Minimum standards for school food announced

The government’s advisory panel has announced tough nutritional standards for school meals.

The Independent School Meals Review Panel’s report, published on Monday, stipulated that, by September 2006, school lunches should provide not less than two portions of fruit and vegetables per child per day; oily fish on a regular basis and easy access to fresh drinking water.

The panel also said that stringent nutrient-based standards, stipulating that essential nutrients, vitamins and minerals should be required in all primary school meals by no later than 2008 and in secondary school meals by no later than 2009.

The panel also said that children’s food choices should be “controlled” to ensure that they could not “opt out” of eating healthy food.

The new standards would effectively ban low quality foods that are high in fat, salt and sugar and reformed or reconstituted foods made from ‘meat slurry’.

The move follows last week’s announcement that chocolate, crisps and sugary fizzy drinks would be banned from school vending machines.

There will be a 13-week consultation period on the panel’s specifications.

Suzi Leather, Chair of the School Meals Review Panel, said: “School meals are an essential public service, no less important today than when they were introduced at the beginning of the last century.

“All school food should be good food. School meals should be an important source of nutrition for children, especially those from low-income households.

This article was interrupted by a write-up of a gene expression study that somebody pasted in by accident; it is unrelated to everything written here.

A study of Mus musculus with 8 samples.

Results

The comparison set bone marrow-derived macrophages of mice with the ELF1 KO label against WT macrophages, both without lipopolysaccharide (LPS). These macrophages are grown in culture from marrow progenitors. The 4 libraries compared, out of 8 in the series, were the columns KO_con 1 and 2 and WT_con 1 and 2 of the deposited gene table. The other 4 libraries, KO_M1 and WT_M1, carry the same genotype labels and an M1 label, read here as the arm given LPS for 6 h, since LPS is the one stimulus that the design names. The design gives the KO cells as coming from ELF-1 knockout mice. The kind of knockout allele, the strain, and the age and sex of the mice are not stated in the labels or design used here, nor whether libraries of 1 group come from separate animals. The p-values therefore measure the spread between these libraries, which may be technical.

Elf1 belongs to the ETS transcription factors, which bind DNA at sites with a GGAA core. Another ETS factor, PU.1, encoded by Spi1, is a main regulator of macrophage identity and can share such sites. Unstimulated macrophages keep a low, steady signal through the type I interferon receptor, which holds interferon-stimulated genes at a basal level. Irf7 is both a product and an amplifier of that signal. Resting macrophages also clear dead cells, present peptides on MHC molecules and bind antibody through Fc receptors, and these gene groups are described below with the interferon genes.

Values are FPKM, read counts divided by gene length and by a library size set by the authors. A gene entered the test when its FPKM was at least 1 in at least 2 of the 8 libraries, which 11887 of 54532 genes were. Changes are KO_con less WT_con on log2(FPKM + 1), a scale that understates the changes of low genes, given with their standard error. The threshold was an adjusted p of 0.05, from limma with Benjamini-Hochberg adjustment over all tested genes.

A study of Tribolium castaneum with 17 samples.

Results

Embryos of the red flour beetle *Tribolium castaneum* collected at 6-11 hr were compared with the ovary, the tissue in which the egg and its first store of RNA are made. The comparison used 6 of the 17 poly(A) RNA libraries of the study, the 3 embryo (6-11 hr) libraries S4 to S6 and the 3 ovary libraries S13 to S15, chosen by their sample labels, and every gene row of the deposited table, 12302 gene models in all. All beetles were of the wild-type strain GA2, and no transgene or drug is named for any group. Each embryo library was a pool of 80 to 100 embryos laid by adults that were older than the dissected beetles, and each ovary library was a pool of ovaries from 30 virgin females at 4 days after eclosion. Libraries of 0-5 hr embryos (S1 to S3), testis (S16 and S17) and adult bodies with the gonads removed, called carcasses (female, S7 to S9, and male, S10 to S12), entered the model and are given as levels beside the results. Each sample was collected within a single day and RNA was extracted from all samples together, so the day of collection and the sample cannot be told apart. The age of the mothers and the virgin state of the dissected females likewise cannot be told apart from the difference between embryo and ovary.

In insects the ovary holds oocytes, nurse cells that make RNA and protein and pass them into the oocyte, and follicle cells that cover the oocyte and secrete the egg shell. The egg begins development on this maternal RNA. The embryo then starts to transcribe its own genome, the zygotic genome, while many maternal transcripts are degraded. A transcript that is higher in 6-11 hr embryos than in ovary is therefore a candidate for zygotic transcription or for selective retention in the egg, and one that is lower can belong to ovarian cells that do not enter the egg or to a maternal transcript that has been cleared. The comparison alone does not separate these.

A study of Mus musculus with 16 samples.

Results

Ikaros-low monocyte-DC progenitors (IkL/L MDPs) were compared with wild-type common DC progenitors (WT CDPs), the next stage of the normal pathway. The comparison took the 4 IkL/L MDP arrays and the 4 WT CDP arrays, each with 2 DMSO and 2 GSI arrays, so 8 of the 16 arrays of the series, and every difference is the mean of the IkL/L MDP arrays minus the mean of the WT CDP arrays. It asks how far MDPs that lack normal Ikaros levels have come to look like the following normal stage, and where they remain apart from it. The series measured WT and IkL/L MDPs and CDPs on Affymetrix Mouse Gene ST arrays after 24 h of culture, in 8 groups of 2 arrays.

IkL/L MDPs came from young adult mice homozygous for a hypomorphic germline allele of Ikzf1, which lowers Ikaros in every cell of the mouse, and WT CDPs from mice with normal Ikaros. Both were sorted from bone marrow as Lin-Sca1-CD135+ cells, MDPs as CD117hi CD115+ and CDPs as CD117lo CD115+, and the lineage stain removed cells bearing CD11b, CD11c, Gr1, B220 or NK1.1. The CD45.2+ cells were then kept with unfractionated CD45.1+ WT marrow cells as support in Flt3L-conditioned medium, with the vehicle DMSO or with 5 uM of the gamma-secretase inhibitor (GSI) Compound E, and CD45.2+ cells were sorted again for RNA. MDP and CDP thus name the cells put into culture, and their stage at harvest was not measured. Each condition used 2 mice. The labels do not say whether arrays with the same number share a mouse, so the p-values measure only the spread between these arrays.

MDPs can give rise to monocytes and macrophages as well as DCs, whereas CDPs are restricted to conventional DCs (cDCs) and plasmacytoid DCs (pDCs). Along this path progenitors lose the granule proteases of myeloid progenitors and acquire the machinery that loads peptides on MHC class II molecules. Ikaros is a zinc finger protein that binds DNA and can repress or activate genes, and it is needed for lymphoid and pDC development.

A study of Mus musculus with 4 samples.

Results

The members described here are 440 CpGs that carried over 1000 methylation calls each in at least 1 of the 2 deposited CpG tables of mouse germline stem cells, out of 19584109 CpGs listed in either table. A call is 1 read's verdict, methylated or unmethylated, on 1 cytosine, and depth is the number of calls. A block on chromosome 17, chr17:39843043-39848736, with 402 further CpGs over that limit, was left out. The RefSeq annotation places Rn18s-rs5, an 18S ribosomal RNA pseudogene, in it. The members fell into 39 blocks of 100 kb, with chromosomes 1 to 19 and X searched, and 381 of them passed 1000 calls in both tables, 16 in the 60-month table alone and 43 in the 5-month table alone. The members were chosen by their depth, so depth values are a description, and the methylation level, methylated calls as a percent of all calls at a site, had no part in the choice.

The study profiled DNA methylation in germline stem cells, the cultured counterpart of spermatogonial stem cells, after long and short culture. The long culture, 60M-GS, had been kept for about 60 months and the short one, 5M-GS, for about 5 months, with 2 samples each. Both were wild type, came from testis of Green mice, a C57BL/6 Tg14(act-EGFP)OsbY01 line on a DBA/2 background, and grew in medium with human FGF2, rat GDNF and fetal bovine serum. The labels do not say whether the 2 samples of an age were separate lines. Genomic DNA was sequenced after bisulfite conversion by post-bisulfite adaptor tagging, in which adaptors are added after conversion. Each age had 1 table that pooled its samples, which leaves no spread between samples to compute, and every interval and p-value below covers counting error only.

“By redressing the current imbalance in children’s diets, schools can contribute towards a reduction in childhood obesity and tooth decay and, in the longer term, reduce the likelihood of our children suffering from chronic diseases later in life.”

Education Secretary Ruth Kelly welcomed the publication of the report and announced that the government was considering placing “greater emphasis” on teaching 11 – 14-year-olds practical cooking skills, as well as teaching them about diet, nutrition, food safety & hygiene, practical food preparation and cooking.

The government has also launched a national audit of school food provision, due to begin next week, which will cover issues such as how much is being spent on school meals ingredients, how they are provided, whether children get hot or cold meals and the percentage of pupils currently buying school meals.

Mrs Kelly said that the government had a “golden opportunity” to make a real difference to a service, which had “suffered from decades of neglect”. She said: “The scale of the challenge is huge, but we must act now to reverse the decline. Schools tell me they are making changes now, and we know that local authorities are already putting serious plans in place to use our extra funding to improve their schools’ food.”